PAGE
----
September 17, 2012

New Students Reflect on Opening Week

During the first week of orientation and classes—officially known as WOW (Wentworth Opening Week) on campus—students received laptops, participated in orientation activities, and shared their hopes and expectations for the upcoming year at Wentworth.

The prospect of developing bonds and friendships with people from across the country and even the world is top on the incoming students’ priority list.

“I’m most excited about meeting tons of new people,” said Olivia Gatison, from North Haven, Conn. “Just being in such a great college city and getting my hands into civil engineering and starting my life.”

There was also the general consensus that beginning college officially marked the end of high school and greater independence.

“It’s not [like] high school where you’re stuck in a place,” said Michael McDonald, from Dartmouth, Mass. “I can meet people here, meet people there, just have fun and do school work at the same time. It’s different from high school and it’s so much better.”


McDonald, an architecture major, had already hung a large Italian flag in his dorm room in Evans Way. Just one week earlier, he had put a tattoo of the Hindu god Ganesha, the lord of success, on his right upper arm, a gesture to encourage him to make the most of this new beginning.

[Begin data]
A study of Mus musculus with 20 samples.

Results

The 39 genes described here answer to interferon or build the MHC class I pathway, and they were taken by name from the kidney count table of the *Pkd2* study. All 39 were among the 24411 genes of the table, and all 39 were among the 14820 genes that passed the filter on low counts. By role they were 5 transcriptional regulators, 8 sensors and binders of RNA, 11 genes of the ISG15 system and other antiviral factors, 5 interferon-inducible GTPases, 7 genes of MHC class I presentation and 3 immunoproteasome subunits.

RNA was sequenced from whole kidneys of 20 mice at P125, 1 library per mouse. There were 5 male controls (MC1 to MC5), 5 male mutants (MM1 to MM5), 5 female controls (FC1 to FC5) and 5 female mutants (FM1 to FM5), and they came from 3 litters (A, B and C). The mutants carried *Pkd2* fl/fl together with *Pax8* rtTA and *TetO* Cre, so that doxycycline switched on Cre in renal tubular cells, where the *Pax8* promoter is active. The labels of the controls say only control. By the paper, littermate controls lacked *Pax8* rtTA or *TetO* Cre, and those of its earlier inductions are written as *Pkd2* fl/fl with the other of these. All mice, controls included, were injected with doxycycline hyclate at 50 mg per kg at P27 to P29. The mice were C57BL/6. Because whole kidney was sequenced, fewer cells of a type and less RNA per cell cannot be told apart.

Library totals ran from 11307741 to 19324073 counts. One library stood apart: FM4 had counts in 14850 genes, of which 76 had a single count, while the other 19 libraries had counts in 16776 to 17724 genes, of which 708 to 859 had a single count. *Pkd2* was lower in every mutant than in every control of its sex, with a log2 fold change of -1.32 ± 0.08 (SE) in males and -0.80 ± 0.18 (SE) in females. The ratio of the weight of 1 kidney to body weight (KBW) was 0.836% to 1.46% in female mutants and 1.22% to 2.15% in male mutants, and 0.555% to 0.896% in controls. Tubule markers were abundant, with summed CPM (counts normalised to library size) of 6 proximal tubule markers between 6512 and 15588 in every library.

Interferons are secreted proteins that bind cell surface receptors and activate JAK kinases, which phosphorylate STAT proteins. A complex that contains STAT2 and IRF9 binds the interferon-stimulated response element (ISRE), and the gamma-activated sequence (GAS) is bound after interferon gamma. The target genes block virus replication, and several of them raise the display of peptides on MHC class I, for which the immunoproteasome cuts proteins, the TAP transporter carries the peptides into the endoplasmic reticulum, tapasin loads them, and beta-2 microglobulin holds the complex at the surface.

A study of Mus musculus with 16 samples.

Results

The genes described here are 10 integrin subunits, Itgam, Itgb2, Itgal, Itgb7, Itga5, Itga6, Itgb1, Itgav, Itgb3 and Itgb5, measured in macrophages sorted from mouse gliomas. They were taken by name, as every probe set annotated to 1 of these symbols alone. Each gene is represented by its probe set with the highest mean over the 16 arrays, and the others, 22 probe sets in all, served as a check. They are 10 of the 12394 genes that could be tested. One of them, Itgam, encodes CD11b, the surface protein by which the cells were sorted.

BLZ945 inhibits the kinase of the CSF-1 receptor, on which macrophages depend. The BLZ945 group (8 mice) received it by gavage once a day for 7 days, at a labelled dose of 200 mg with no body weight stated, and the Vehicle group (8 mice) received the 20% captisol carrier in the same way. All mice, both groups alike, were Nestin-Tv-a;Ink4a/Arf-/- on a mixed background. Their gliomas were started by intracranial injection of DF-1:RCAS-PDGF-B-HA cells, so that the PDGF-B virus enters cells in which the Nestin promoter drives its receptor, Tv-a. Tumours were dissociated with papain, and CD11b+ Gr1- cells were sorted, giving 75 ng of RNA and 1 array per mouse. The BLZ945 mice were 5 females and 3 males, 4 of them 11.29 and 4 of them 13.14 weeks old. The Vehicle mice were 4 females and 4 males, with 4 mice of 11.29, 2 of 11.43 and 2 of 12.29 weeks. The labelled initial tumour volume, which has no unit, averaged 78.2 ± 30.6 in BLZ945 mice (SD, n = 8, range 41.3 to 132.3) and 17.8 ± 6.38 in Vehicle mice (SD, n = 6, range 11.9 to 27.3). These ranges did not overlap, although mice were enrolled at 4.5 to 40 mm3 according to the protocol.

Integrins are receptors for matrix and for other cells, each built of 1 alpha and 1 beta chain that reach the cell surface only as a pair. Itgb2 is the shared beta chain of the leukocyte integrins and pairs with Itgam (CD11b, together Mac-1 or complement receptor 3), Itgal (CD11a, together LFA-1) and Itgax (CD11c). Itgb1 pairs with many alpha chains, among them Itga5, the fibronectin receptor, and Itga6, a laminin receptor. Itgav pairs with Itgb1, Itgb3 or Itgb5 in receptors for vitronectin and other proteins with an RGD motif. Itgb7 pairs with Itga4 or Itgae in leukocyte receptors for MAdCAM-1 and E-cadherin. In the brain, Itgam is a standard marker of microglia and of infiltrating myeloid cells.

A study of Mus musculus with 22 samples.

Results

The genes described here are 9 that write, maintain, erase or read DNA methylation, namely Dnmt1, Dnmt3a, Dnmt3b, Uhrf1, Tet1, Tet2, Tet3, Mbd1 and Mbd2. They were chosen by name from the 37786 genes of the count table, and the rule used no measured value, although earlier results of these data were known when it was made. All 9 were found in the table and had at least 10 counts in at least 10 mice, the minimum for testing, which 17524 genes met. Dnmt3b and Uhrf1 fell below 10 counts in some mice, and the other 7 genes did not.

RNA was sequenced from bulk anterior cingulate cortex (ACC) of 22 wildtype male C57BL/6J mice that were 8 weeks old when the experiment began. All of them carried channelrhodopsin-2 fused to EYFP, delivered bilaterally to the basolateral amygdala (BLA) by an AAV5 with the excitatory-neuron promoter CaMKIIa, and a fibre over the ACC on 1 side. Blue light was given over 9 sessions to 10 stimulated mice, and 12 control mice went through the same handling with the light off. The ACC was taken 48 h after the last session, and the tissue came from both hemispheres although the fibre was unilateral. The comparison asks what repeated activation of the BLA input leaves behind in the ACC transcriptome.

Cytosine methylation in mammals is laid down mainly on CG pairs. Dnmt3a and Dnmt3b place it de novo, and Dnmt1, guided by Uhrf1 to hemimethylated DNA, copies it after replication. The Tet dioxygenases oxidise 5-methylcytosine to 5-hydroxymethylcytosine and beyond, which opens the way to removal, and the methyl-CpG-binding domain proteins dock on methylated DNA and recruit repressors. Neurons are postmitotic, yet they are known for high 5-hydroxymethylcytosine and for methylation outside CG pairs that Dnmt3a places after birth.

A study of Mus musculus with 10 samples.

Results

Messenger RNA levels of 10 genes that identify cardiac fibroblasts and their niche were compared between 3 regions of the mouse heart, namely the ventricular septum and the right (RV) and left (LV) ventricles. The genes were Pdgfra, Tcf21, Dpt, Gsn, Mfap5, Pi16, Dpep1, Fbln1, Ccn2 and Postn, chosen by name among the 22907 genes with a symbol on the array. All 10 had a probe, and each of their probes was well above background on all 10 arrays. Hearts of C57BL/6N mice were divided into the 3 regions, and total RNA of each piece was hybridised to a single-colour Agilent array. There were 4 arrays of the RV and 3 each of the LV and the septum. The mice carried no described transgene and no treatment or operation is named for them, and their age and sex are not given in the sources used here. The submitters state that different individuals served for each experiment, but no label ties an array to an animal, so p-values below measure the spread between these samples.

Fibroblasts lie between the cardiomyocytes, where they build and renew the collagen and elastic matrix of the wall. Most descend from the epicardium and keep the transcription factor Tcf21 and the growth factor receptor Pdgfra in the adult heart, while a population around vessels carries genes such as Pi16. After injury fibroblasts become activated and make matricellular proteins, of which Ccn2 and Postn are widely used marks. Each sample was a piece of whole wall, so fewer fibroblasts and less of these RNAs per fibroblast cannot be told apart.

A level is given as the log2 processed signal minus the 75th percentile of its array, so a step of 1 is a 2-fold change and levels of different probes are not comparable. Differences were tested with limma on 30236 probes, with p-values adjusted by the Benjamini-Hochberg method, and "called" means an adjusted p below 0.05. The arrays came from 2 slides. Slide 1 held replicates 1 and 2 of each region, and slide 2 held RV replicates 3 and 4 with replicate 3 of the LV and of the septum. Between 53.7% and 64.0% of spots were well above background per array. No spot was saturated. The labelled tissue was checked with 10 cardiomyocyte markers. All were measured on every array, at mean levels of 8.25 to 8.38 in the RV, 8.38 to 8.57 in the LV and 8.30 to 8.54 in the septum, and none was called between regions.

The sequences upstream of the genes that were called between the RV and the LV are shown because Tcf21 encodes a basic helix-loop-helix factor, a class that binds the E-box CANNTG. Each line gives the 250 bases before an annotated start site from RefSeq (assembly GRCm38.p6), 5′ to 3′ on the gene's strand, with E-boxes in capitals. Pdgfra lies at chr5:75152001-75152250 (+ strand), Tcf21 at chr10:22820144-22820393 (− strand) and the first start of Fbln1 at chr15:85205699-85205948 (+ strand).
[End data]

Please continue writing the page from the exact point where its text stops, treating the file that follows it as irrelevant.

“It has many meanings,” McDonald said, about the tattoo. “He has a big head, so think big, talk less, and experience more.”

Not all new students seemed as anxious as McDonald to cut old ties. Brianna Lee from Portsmouth, R.I., said the first decoration added to her new dorm room in Tudbury Hall was a decorative tree made of rhinestones, a gift from her mother.

“I have it on my desk right now so it always reminds me of her when I look at it,” Lee said. She planned to decorate her room with a Korean flag and little fans, as well.

Other students, while excited to begin their own journeys, were also focused on a successful future and on how Wentworth could help them accomplish their goals.

“The co-op program is really, really good, so [I will be] trying to get through that and get a really good job afterward,” said Rupinder Kaur, a computer science major from Somerville, Mass.

Kaur’s friend from high school, Sandreh Abbuah, a student in the new applied math program and originally from Ghana, Africa, had similar goals. “Leave here with awesome connections, get a great job,” Abbuah said.

Then, Abbuah added, in Fanti, “Akwaaba Wentworth,” or, “Welcome to Wentworth.”